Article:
This past week, we were excited to release our 200th deer back to the wild in the Jerusalem Hills!
This is a major milestone in this important project.
In March, we released a total of 10 deer in two lots: five males and five females at the Nahal Sorek Nature Reserve.
The project is in partnership with the Israel Nature and Parks Authority and we held a celebratory picnic after the release to celebrate the event.
Ariel Kedem, the Zoo’s Conservation Project Coordinator, reports that all the deer are doing well in the acclimatization enclosure and already next week, the gates to the enclosure will be opened and the deer will be free to go into the wild.
As the calendar year comes to a close, we can summarize that another successful year of the program has passed.
One of the highlights, as reported by Conservation Project Coordinator, Ariel Kedem, has been the fact that we have seen this past year, female deers who were released in 2014 with new baby fawns.
This is evidence of both their ongoing health and the success of the release to the wild program.
We are looking forward to the next release of approximately nine deer from the Zoo's breeding core at the end of February.
We are waiting for the GPS collars of the last batch deers released to fall off (when the batteries run out) and be collected and re-programmed for the new releases.
Pictured are two wild-born deer as captured on our trail cameras.
We are pleased to report that we had 10 successful births this past season in our deer herd, bringing their numbers up to 69!
This past week, the male deers have started the process of shedding their velvet.
Velvet is the soft fuzzy layer that covers male deer's antlers and serves as a protective layer for the hardening antlers underneath. It allows the antlers to reach their full potential so that they can be used by the male during rutting season.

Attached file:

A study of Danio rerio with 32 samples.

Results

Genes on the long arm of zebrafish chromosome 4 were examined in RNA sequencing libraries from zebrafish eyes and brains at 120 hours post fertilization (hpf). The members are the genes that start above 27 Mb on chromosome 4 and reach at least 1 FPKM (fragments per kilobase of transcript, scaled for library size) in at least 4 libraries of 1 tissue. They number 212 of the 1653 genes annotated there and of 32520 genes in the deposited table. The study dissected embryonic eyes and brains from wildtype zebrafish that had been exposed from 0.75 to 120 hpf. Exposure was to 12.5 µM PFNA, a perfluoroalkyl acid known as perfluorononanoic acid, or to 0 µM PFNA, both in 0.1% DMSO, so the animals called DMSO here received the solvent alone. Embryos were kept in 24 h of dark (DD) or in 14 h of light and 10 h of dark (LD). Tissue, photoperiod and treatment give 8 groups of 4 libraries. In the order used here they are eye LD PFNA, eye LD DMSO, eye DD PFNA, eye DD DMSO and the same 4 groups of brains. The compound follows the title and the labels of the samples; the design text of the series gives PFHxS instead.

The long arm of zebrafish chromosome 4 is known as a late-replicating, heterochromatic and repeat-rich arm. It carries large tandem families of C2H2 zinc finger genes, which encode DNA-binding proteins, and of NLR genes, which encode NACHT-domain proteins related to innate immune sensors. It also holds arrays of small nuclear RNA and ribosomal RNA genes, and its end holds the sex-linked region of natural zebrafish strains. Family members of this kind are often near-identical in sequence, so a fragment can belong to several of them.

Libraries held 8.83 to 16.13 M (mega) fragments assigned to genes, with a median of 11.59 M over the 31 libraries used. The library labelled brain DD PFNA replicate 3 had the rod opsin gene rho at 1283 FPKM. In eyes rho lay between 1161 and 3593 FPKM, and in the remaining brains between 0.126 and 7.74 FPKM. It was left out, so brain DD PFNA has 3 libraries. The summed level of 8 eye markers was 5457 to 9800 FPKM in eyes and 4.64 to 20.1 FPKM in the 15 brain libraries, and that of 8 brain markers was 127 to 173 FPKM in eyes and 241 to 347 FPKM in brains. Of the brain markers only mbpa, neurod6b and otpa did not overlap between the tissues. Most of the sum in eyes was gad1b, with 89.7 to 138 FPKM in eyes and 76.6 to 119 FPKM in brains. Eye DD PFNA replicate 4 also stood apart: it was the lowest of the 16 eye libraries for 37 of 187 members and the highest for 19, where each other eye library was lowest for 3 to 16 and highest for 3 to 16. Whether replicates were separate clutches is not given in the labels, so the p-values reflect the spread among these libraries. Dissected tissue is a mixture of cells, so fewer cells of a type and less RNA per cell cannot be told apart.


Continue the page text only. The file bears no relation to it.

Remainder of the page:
During a five-month period, the velvet provides nourishment and protection to the hardening antlers beneath, helping them grow big and strong.
This shedding process is quite gory as the dense blood vessels burst and the velvet falls in red rags from the deer’s rack of antlers.
Despite the rut being months away, male deer start to prepare to face off against rivals for the affections of females early.
The velvet keeps the antlers safe during this time to ensure that they can reach their full potential. When velvet shedding happens, it is the signal that the rut is beginning.
(Source and learn more at: https://worlddeer.org/deer-velvet-shedding/)
At the beginning of March, we released a large group of nine Persian Fallow #deer from the breeding center at the Zoo into the wild at the Nahal Sorek Nature Reserve in the #Jerusalem hills.
Three females and six males were released, and of these, seven deer were fitted with GPS tracking collars.
In the past, only the females are fitted with GPS collars. This is because the males’ necks can expand during the breeding season which means that the collars can snap and break.
This year we have acquired special elastic collars that expand when needed and thus were able to fit collars to some of the males as well.
Nadav Ganot, the Zoo’s #conservation project coordinator, reports that all the deer are doing well in the acclimatization enclosure and in the coming weeks, the gates to the enclosure will be opened and the deer will be free to go into the wild. This process usually takes a few days.
The project is in partnership with the Israel Nature and Parks Authority.
We are pleased to update that, from what we know up until now, there were no fatalities among our deer herd during the devastating fires in the Jerusalem hills several months ago.
A number of our trail cameras were burnt but no corpses have been found.
We also have a number of photos and sightings of the deer returning to the area.
The Zoo has a new conservation coordinator, who will be taking responsibility for Persian fallow deer program, as well as the other native conservation programs at the Zoo.
Nadav Granot has a Master of Science from the Hebrew University of Jerusalem in Ecology and his Master's Thesis was on the topic of: “Examination of Time-place Association in The Foraging Behavior of Common Kestrels (Falco tinnunculus)”
He is already working with one of the students on the Zoo’s matriculation program researching the topic: “The effect of forest fires on the behavior and movement of Persian fallow deer in the area of the Nahal Sorek Reserve.”
This work will examine whether there is a difference in the herd’s movement of before and after the forest fire in the Judean hills in August 2021 and the research will utilize data collection from field trips, use of trail cameras and analysis of deer movement data (data from GPS collar transmitters).